Tom Clyde: Properly licensed beards
January 23, 2015
So here we are again — Sundance. It’s that time of year when we are reminded that the world is a very strange place, filled with very strange people, all of whom are here, standing in the middle of a dark street, screaming at cell phones, and dressed in black from head to toe. Park City is not a normal place. Not at any time of year. But this time of year, we are abnormal in some very abnormal ways.
But while Park City stands out as being a little strange, it’s always good to be reminded that we are all strangers in a strange place. For example, I heard on the news the other day that the US Supreme Court has determined that an Arkansas state prison inmate has a constitutional right to grow a beard. It was a unanimous opinion. This court couldn’t agree to vacate a burning building unanimously. But they overturned both the trial court and a federal appeals court, which had ruled in favor of Arkansas, which prohibits prisoners from growing beards because they would hide contraband in them.
The Supremes were puzzled about what contraband could be hidden in a half-inch beard that could not be hidden in the hair on the top of the head, which is not regulated by the prison. It seems like razors in prison may pose more of a security risk than a beard. So the court said the prisoner’s religious beliefs that he should grow a beard were constitutionally protected, and that Arkansas was just plain stupid.
Justice Ruth Bader Ginsberg (who has developed a weird cult following, where she is known as "Notorious RBG") wrote a concurring opinion pointing out that the court had used exactly the same logic to come to a different conclusion in the "Hobby Lobby" case. That held that employers were exempt from parts of the Affordable Care Act if they didn’t approve of their employees’ choices of birth control. She took umbrage that the male members of the court weren’t much concerned with pregnancy, but were not about to let prison wardens get in the way of growing a beard.
The part of all that that reminded me of how different things are here in Utah is that while there is a constitutional right to grow a beard in Arkansas prisons, there is no such right on the campus of BYU. Students who want to grow a beard at BYU are required to get a beard license. The school will only issue a beard license for three reasons — the student is in a theatrical production and it is required as part of the costume; a doctor approved by the university has found a medical necessity for a beard (think acute razor bumps); or the student is one of about four Muslims on campus.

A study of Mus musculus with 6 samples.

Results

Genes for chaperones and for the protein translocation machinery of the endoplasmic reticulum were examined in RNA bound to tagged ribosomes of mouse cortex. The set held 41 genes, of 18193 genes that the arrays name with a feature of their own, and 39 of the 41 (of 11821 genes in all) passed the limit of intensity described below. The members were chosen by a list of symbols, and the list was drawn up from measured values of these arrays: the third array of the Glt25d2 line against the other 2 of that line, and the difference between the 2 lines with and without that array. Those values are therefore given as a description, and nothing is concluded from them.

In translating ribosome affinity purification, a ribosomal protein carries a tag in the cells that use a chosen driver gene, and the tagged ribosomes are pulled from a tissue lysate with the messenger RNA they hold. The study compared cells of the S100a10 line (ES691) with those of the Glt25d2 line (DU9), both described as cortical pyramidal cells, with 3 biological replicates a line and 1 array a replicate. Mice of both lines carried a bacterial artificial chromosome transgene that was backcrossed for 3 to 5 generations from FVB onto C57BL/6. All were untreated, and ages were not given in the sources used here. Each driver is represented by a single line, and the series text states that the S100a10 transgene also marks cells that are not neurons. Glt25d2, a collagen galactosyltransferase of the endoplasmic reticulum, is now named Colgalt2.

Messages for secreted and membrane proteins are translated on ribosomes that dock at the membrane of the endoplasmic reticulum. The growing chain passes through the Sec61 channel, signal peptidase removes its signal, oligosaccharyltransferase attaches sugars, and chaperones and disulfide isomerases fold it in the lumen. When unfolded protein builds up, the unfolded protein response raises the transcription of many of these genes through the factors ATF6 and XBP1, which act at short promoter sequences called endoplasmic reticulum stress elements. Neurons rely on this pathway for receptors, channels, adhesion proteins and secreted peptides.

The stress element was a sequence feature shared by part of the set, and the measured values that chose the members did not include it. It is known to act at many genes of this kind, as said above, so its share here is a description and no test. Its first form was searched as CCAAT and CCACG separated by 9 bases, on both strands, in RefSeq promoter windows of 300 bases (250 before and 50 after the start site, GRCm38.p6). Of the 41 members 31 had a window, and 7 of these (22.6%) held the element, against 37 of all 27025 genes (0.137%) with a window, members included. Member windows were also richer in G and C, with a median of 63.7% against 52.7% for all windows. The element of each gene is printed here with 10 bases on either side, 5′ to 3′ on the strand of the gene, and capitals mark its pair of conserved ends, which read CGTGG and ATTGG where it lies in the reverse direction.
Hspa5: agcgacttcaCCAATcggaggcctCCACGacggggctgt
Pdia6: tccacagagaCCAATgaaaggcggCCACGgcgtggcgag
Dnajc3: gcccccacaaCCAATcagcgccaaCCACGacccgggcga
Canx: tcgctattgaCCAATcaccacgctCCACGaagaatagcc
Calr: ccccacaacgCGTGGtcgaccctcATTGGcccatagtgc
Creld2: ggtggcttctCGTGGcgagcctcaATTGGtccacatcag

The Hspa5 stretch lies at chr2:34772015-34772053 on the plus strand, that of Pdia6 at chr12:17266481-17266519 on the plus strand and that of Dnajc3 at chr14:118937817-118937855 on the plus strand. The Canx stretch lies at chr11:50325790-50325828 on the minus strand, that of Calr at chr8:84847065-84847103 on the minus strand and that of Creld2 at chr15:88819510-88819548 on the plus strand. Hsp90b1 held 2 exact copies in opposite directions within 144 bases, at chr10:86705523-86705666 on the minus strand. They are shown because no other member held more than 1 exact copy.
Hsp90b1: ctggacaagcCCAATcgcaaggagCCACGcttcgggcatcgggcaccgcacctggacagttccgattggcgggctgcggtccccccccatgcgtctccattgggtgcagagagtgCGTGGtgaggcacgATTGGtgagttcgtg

The beard-licensing program was in the news recently because a couple of students had challenged it as being, I think the technical term is, "silly." There is, as far as I’ve been able to tell, no firm definition of "beard." The dividing line between advanced scruff and nascent beard is not clearly spelled out. To paraphrase another Supreme Court opinion, you can’t define a beard, but you know one when you see one. BYU apparently has people on the payroll for policing beards.
The other item of Utah distinctiveness that caught my eye was that we eat 241 percent more Hawaiian food than the rest of the United States. We also eat 54 percent more hot dogs than the national norm. The poll failed to ask about Jell-O. But we eat almost as much Hawaiian food as people who live in Hawaii.
I guess it makes sense if the survey included all of the Polynesian cultures. We have a large South Pacific Islander population in Utah, though it doesn’t seem big enough to account for a 241 percent spike in "Hawaiian" food. And I’m guessing that traditional Tongan food is different from Hawaiian. Other than pineapple, I’m not sure I know what Hawaiian food is, so I might be eating it without recognizing it. But somebody out there is packing it away like there is no tomorrow. And you can bet they didn’t have to get a license to do it.
Tom Clyde practiced law in Park City for many years. He lives on a working ranch in Woodland and has been writing this column since 1986.